I don’t know about you, but I feel like mental health in the industry gets spoken about quite often, but then as we move on, the conversations die down, and until something controversial surfaces again, that’s it for a while. I myself am guilty of contributing to this, I’ve written a number of blogs in the past that have been reactive to industry dramas such as identifying red flags at work and not dismissing mental health claims, but then I fail to continue the conversation. That needs to end.
Let’s Make 2022 The Year We Tackle The Issue
So, as I was helping to write a blog for work on our predictions for the PR industry in 2022, I made the point that we will (or at least should) start talking about mental health at work more, and specifically – avoiding burnout.
From my own experiences and from those I know, burnout begins, and sadly manifests within us, because we don’t talk about it, and perhaps we don’t talk about it because we feel that we can’t. I know I’ve certainly experienced that in the past. More than once I’ve felt that I can’t keep up or that I wasn’t good enough not because I was facing absurd workloads with no support, but because I believed it was a ‘me’ problem. The only way we stop juniors, or indeed seasoned industry pros, feeling like this, is it talk about it more. And naturally recognising those red flags at work too.
Here are steps we can all take to encourage those all conversations, and as I always say, if this blog post helps just one person, then I’ll consider it worth every second I’ve put into it.
4 Ways To Acknowledge Mental Health In PR
Talk About Our Own Experiences
When I was in a crappy situation a few years ago, I truly believed that I was the issue. This is thanks in no small part to the fact that I had absolutely nobody to speak to about it, and no frame of reference for what PR jobs should be like. All I knew was that everyone around me seemed to be loving their jobs and doing really really well. Twitter will certainly have you believe that quite often. But until we start talking about our bad experiences and calling out bad experiences, it’s hard to acknowledge when you’re stuck in a toxic situation yourself. That’s why, since finding unparalleled happiness at work now, I’ve not been shy of talking about my past and my bumpy start to the industry – you never know who needs to hear it. Absolutely anybody can be involved in this, whether it’s sharing the good stories or the bad stories, the more experiences we hear about, the more we recognise what’s normal, and what definitely isn’t.
Offer Support Where You Can
I’ve said many times that my DMs are absolutely a safe space for anybody who wants to talk about their experiences in PR, or of course in any other industry, and I can offer advice from my own experiences. This is one of the ways we can encourage more of these conversations, and work to build a better industry for everybody. Talking not only helps those who’ve found themself in poisonous workplaces, but it also helps us to ensure that the industry doesn’t make the same mistakes either. In recent years, I’ve seen so many companies improving their perks, from 4-day working weeks to mental health days and prolific maternity, paternity and even paw-ternity leave. This is in no doubt due to the increased talk and need for better workplaces, and I’m proud that the PR industry is pioneering the way forward in this new way of working.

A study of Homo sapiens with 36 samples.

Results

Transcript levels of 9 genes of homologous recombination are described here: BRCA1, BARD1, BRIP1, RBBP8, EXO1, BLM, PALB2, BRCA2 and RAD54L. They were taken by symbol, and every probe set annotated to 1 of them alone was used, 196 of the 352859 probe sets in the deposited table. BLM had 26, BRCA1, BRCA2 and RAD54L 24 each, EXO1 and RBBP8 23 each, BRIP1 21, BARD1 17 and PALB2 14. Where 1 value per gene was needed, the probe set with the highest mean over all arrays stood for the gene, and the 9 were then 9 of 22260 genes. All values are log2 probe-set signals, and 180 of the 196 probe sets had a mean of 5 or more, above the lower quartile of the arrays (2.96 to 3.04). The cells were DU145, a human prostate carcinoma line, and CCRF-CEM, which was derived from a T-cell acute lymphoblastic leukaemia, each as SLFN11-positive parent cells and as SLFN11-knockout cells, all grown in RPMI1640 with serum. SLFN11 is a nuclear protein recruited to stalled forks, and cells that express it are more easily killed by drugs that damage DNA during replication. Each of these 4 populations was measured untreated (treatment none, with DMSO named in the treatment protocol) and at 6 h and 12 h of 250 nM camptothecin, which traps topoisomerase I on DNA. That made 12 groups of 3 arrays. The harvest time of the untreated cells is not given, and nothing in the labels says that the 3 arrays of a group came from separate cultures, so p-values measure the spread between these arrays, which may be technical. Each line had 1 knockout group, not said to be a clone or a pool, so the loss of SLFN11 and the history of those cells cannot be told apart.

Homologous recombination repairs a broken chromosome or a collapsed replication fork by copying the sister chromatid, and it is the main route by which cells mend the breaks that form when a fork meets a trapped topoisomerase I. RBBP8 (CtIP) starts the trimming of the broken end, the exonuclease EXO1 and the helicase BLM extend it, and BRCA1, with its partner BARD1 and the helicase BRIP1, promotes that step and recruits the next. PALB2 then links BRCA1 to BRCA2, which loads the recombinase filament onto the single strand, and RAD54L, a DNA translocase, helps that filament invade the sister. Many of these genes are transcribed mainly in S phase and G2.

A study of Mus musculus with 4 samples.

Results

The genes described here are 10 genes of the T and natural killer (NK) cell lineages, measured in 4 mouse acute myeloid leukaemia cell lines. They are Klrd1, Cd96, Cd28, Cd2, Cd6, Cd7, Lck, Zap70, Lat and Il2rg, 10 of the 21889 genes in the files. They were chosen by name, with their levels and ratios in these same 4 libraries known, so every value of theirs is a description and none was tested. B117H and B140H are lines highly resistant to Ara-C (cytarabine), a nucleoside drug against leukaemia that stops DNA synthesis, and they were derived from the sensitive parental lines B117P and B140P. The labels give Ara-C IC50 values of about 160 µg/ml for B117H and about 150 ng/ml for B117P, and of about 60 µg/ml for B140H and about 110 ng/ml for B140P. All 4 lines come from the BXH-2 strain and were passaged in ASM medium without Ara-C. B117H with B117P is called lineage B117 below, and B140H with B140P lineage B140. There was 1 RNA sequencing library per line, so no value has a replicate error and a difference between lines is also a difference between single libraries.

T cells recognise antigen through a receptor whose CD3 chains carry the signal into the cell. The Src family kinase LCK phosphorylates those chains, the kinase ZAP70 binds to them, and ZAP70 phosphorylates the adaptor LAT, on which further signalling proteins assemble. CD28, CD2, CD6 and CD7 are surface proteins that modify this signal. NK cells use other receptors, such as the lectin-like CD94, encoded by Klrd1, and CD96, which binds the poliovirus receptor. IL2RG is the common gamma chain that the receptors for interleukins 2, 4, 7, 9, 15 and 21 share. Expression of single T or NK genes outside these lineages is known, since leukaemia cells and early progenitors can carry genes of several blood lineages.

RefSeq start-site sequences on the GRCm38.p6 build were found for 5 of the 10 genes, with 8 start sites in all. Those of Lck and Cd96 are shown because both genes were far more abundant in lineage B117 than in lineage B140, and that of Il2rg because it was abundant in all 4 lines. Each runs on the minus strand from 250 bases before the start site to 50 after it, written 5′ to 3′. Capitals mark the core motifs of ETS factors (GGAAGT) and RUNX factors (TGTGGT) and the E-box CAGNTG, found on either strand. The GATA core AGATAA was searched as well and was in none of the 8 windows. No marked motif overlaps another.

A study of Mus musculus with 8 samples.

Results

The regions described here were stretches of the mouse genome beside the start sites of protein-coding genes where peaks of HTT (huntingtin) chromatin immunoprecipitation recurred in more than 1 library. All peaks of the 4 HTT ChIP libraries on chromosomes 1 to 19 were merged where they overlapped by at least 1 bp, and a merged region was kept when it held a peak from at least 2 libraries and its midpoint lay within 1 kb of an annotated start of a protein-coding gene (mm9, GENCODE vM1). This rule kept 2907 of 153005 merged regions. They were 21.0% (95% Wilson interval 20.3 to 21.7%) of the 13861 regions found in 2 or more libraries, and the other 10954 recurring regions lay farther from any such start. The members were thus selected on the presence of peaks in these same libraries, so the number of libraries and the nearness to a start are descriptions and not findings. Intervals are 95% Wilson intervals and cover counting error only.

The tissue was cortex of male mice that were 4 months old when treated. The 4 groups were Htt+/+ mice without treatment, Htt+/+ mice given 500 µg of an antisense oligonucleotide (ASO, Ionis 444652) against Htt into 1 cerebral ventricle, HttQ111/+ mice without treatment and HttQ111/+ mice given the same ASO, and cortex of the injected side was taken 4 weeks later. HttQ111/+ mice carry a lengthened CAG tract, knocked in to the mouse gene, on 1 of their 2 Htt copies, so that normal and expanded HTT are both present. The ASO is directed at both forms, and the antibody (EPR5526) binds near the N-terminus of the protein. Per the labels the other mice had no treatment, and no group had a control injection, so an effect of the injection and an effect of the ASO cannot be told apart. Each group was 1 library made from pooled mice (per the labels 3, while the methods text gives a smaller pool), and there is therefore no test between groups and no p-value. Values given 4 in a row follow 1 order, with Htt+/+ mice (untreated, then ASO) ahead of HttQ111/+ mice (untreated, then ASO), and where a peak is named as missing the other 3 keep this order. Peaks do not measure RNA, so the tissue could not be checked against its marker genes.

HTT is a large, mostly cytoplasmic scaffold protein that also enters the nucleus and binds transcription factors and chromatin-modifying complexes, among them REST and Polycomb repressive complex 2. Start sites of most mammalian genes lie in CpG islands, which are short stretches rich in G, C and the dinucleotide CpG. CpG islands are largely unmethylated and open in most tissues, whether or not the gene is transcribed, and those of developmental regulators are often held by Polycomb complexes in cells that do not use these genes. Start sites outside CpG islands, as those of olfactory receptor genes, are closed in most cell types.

Share Resources, Even If It’s Been Said Before
We all have different networks, so don’t shy away from sharing resources and information you find helpful just because you’ve seen it before. Even resharing content you’ve personally put out there in the past can be helpful – you never know who might need to hear it at the time. Encouraging mental health conversations in PR starts by identifying the issues and making talking about them a common practice, therefore I’ll always share anything I think people might need to hear. And on that note, here are some resources you may find useful if you’re in a difficult situation right now…
Implement Anonymous Talking Sessions
Something a little more practical for all my wonderful managers and business owners out there, one of the hardest things for an employee to do is talk about their mental health to a superior. Make it so they don’t have to. Anonymous feedback can be beneficial not only to those who need to get their feelings off their chest but also to those who have the power to enforce change. You might be putting too much pressure on your team without even realising it; so give them the opportunity to say what they feel they need to, minus the awkwardness. Whether you’re giving the feedback or receiving it, you’ll probably find there’s more honesty on both ends when you introduce anonymity and reduce animosity.
In a survey taken in 2020, 58% of over 2000 employees reported some form of stress at work, and almost 70% had experienced it in general. over 60% of people claimed they had experienced at least mild symptoms of anxiety and 58% said the same for depression. That is absolutely insane. No matter the trigger or cause, we can all help to bring those numbers down.
So, if you have any further advice on encouraging mental health conversations in PR, please do help out others by dropping them on my Twitter, I’ll share them where I can.